Brian Hartline continues to build Ohio State WR room with Carnell Tate
{{ timeAgo('2022-06-20 12:18:21 -0500') }} football Edit

Brian Hartline continues to build Ohio State WR room with Carnell Tate

Devin Brown put out an advertisement for Ohio State’s wide receiver room and Brian Hartline on Twitter Saturday morning.

“3 year PhD program now available from WR in Columbus, OH. Professor Hartline is the best there is!” Brown wrote, tagging five-star wide receivers Brandon Inniss and Carnell Tate, along with four-star Noah Rogers. “Get your applications in ASAP. Classes fill up fast. Also, the guys majoring in throwing here are pretty good too.”

It’s not like Hartline needed an advertisement.

Since he was officially named Ohio State’s program’s wide receiver coach in 2018, taking over as the interim coach in 2018 for Zach Smith and being promoted to the full time role in 2019, the former Buckeye wide receiver has brought in four five-star receivers — Jaxon Smith-Njigba, Julian Fleming, Emeka Egbuka and Tate, who committed to the Buckeyes Monday — and has developed two first-round picks in Garrett Wilson and Chris Olave, with likely more on the way.

To Hartline, who outright said he doesn’t like the WRU title, it’s just the product of what he’s always known. It’s what happens when he has a room filled with receivers that work hard.

It’s the product of what he’s always felt about the receivers in his room that all have the same goal of developing to get to the next level.

That’s why Hartline doesn’t view himself as a master recruiter, something he says has a bad connotation. He’s just relaying the same message that convinced Wilson, Olave and Smith-Njigba to choose and get developed at Ohio State.

“I think it’s more important to identify talent than it is to communicate the information of why we’re different than others,” Hartline said. “I think recruiting has a bad connotation to it. I don’t do anything different than just explain why Ohio State’s a great university and how Ohio State can help maximize and reach their goals. Clearly a message is probably pretty important, but I think we pride ourselves more on not necessarily finding the best guys, but finding the right guys.”

That process begins for some before they even make Ohio State their home.

Coming into camp as a 2025 Texas A&M commit, Winston Watkins Jr. said he was given he “keys to success” by Hartline, getting a taste of what life would be like at Ohio State, what he described as “one of those WRUs in the county.”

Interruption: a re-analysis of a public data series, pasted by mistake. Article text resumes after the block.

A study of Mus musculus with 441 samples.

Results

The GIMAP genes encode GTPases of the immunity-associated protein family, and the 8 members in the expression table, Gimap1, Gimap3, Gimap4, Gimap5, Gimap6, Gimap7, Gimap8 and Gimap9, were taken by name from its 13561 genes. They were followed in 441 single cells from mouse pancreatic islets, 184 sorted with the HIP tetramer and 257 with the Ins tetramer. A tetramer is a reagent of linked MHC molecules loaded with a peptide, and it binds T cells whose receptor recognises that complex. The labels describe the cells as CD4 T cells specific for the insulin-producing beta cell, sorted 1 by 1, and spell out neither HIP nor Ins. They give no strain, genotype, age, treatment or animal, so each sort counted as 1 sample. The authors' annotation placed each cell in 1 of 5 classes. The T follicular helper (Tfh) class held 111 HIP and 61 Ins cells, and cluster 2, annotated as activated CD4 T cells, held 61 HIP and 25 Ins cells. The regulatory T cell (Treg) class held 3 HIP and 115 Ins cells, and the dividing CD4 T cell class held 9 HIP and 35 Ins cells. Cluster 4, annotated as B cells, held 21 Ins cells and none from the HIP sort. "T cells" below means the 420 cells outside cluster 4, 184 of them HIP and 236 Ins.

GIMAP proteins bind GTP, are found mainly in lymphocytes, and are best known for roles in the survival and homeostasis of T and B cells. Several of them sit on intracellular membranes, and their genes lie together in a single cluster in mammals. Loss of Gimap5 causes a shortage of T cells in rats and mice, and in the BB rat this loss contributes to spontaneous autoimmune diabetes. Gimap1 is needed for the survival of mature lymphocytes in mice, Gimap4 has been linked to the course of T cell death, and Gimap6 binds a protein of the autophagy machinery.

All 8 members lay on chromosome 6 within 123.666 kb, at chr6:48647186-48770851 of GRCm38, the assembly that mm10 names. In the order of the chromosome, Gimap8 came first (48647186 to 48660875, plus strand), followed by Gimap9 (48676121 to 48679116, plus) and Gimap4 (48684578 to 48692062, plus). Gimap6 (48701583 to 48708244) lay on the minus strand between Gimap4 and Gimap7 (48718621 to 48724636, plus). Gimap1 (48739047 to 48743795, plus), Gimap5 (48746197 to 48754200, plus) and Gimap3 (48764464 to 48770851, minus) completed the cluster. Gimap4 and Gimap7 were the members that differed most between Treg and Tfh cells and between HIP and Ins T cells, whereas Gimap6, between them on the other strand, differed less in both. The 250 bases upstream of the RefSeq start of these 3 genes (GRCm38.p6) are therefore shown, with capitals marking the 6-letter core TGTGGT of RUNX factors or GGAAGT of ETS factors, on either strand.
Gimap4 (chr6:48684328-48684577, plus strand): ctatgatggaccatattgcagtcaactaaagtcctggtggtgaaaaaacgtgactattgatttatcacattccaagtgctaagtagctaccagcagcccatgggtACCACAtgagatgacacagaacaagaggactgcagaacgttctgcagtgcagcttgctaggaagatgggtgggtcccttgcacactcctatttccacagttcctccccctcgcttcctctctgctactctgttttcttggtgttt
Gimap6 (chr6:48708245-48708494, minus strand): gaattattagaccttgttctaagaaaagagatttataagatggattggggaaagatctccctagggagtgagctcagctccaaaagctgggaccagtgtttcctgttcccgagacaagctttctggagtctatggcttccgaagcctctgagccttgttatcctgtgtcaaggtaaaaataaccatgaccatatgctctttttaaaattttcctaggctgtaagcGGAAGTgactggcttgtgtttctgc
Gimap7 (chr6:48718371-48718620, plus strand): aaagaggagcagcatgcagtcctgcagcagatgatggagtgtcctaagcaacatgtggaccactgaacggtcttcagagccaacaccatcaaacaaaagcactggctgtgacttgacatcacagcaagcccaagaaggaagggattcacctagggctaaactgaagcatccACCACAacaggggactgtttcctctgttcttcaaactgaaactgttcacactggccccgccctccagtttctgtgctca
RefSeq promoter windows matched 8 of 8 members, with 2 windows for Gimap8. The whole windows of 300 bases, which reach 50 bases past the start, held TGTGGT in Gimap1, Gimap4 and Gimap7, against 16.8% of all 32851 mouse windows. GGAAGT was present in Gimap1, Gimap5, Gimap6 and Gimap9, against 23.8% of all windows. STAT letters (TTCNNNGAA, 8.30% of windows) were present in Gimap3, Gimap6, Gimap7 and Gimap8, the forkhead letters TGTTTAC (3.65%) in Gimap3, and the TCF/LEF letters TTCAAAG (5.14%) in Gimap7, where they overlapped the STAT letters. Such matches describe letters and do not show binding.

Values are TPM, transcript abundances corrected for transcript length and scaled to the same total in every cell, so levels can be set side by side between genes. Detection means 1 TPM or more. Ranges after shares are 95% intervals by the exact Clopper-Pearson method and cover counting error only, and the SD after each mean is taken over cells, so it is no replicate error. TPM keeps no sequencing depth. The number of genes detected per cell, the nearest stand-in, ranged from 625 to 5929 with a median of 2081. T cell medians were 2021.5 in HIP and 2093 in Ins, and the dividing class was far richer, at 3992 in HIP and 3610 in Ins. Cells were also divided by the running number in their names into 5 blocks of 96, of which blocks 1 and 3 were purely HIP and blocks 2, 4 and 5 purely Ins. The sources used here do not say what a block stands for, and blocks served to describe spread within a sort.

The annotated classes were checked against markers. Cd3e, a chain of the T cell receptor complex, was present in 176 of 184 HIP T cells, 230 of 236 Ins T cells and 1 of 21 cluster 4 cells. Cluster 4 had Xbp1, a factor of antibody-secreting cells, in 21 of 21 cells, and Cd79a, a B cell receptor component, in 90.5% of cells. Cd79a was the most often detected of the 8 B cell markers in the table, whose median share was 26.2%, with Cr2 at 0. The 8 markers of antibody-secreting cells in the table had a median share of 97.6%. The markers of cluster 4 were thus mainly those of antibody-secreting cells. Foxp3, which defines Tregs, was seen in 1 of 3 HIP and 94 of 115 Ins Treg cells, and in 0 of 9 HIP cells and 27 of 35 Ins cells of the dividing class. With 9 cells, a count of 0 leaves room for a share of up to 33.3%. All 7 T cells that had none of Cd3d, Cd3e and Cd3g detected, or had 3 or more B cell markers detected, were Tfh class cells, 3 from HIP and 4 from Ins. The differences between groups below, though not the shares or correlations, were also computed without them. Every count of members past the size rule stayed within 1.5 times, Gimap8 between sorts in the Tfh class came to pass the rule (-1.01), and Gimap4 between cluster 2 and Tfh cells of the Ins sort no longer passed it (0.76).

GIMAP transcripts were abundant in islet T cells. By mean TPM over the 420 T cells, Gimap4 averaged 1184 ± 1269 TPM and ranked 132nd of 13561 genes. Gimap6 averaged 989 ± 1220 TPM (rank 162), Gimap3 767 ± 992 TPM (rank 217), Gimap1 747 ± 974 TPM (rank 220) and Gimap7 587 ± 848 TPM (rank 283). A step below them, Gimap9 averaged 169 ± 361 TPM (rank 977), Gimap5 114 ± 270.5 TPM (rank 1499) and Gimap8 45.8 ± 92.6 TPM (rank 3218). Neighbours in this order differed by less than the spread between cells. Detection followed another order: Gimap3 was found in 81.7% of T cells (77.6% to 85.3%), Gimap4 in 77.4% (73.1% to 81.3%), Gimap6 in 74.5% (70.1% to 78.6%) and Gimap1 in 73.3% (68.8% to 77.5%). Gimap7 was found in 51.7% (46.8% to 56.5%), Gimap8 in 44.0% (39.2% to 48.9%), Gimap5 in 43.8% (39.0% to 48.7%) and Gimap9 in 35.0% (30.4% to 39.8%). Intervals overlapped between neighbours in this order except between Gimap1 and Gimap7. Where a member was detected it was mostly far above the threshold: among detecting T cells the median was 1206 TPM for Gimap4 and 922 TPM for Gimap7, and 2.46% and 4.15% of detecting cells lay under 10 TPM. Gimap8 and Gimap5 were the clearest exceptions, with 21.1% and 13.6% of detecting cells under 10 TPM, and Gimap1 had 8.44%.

"They can (develop) me for the next level of my career," Watkins said. "Not just for college. Get me pro ready."

2024 WR Tyseer Denmark, while holding onto offers to play at Alabama, Georgia, Notre Dame and USC, said he’s talked to Hartline extensively, a coach, he said, who’s eager to teach him how he can improve on his position, whether it’s getting in and out of reads or developing efficiency in his catch radius.

To Denmark, Hartline is the same coach to him that he is to the current members of his room.

“Up here, he makes his receivers go 100% every day,” Denmark said.

It affected Tate's decision, who has become yet another receiver to laud Hartline's ability to develop players like him into top-tier options not only in the Big Ten and in college football as a whole, but heading into the next level too.

"I love Coach Hartline and what he has done at the wideout position," Tate told Rivals national recruiting analyst Clint Cosgrove. "You could see it. We all saw it from his previous year when he had Chris and Garrett. They went on to be first-round picks.

"I just hope to be on the path to be the next great receiver to come out of Ohio State."

That’s what a lecture under Hartline at Ohio State would feel like: a relentless expectation to better yourself as a receiver, becoming part of a conglomerate that’s united on the same goal while finding distinct roles in the Buckeyes offense.

That’s why, after Tate and four-star wide receiver Bryson Rodgers, the Buckeyes are not done, not satisfied in the 2023 class. Instead Ohio State turns its attention to Inniss and Rogers, the other two receivers tagged in Brown’s tweet.

Hartline knows what a wide receiver can do when he’s developed in his room. He knows what a receiver can turn into no matter how full the room may be.

He still doesn’t like to be considered an “NFL factory” or WRU.

But he knows something is being built in his room, giving Brown the subtle like instead of a retweet.